New Jersey Governor Chris Christie told Congress to put their bickering on the fiscal cliff aside to handle a more pressing issue: emergency aid for the communities hit by superstorm Sandy.
"I'm counting on the fact that our congressional delegation and the leaders of Congress, while I know they are consumed with fighting and bickering with each other about the fiscal cliff and all these other things, don't forget that people are suffering," he said Thursday.
President Barack Obama sent Congress a proposal for $60.4 billion in storm aid for New Jersey, New York, and Connecticut, slightly less than the approximately $80 billion the governors requested.
Christie called on Congress to pass the aid before the new year so that the rebuilding efforts may begin.
"People want to rebuild their homes. They want to rebuild their businesses. They want to rebuild their schools. They want to rebuild their state," he said. "[Congress] can return to bickering as soon as they get done with the business that is the first responsibility of government, which is protecting the lives and property of its citizens."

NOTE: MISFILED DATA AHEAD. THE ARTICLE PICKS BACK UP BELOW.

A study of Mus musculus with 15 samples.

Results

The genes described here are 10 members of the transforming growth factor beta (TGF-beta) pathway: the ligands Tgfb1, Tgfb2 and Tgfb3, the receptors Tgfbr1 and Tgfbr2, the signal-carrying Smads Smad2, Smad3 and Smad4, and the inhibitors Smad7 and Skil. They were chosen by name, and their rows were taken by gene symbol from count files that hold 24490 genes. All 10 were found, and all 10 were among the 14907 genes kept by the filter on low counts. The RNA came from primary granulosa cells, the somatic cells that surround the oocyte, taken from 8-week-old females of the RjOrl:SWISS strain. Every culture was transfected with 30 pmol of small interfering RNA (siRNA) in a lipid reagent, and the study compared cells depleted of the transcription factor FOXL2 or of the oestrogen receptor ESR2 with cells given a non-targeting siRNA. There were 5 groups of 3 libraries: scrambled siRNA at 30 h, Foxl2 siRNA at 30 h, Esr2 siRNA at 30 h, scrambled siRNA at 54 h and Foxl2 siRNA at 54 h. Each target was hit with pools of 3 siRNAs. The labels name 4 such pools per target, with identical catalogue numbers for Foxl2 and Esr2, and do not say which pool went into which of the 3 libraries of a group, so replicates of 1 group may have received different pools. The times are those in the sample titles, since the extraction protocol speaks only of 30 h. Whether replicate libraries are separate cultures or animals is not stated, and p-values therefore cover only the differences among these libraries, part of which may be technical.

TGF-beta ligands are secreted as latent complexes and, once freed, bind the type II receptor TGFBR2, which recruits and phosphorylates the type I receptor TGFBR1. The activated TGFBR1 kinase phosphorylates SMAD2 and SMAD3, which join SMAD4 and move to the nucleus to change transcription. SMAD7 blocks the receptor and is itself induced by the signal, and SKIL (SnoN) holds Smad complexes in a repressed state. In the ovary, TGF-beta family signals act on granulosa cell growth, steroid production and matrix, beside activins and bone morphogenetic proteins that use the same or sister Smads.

He spoke Thursday at his first town hall-style meeting since the superstorm hit in late October. Christie has regularly held and taken residents' questions at such community meetings and said the Belmar, New Jersey meeting was his first in almost a dozen weeks.
A series of recent polls have shown high marks for the governor's handling of the storm and recovery efforts. When handed the microphone, some residents offered praise for Christie. Others described in detail the hurdles they were facing in their efforts to rebuild their businesses or homes.
Christie was also asked about school safety by a student, and said that the state should consider a variety of policy changes to make in the wake of last week's school shooting in Connecticut. Gun legislation and mental health should be on the table, he said.
He urged the student to focus on learning and let adults focus on school security.
"I think that most parents in New Jersey and most kids that go to school in New Jersey should feel relatively safe and secure when you go to school everyday," he said. "The one thing that we can not completely stop is when bad people want to do bad things. We're not going to have an armed guard outside of every classroom and I don't think we should."
And he expressed no interest in a presidential bid in 2016, laughing off how he was unable to shake off questions of whether he would seek higher office in the future.
"I have so much to do" as governor. "I hope I'm putting one foot in front of the other in 2016 in a state that we've rebuilt and with people who feel like we've recovered from what we've done."